In Beijing, where schools go, money follows.
In 2014 the Chinese capital changed policy; enrollment in public primary schools would be based entirely on students' home addresses, not their entrance exam results.
Since then, Chinese parents, who're already inclined to spend big when it comes to their children's education, have rushed to purchase properties close to the city's top schools.
Peter Zeng, 36, is preparing his five-year-old daughter to attend one of the best schools in Beijing. In September Zeng spent nearly 3.95 million yuan ($610,000) on a 46-square-meter (495 square-foot) apartment in the school district of Zhongguancun No.3 Primary School, a well-known school in Beijing.
Zeng, who calls himself white-collar middle class, told CNBC that his family lived in another three-bedroom apartment in the city and had no plan to move; purchasing the new apartment was solely to ensure his daughter would be admitted to the well-known school.
"We are not going to live there because the one-bedroom is too small," Zeng said. "I'm planning to rent it out, and then, apply [for] home mortgage loans for further investments."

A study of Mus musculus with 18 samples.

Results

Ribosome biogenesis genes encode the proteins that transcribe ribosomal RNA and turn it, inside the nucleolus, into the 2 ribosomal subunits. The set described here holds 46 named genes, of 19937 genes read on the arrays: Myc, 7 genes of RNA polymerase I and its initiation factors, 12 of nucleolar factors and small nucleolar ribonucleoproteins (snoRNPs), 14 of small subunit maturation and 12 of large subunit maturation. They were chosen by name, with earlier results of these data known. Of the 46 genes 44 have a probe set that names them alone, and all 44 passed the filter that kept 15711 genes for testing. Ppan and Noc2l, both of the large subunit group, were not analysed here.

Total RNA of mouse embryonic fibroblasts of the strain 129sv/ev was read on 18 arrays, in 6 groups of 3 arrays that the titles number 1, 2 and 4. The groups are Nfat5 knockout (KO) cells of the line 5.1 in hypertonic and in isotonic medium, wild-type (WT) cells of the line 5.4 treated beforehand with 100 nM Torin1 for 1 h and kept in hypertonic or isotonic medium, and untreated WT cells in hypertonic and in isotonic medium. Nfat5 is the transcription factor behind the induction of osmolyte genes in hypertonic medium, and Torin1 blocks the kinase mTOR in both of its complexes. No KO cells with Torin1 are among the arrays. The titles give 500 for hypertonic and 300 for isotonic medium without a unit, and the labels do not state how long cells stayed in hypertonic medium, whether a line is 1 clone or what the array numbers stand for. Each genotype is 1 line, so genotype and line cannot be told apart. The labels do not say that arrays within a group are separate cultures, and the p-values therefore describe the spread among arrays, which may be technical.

Increasing your capital in China's capital
Zang's investment strategy on Beijing's properties has been profitable so far.
The average home price in China tripled between 2003 and mid-2008, but cooled in the second half of 2008 due to economic uncertainties brought by the global financial crisis. Then on November 9, 2008, China announced a 4 trillion yuan ($586 billion) stimulus package, which stirred another housing boom and accompanying surge in debt that peaked in 2013, before the government initiated a series of measures to cool the property market.
In 2009, expecting Beijing's home prices to keep climbing, Zeng bought a two-bedroom apartment in Beijing's Shuangjing neighborhood for 1.8 million yuan ($280,000). He sold the two-bedder for 4.05 million yuan ($620,000) last year and was able to buy the school-district apartment in cash.
"With this property, I can now borrow 3 million yuan [$460,000] from the bank with an interest rate as low as 4.9 percent," he said. "It's like free money!"
Déjà vu of 2009?
Zeng said the current housing boom reminded him of 2009.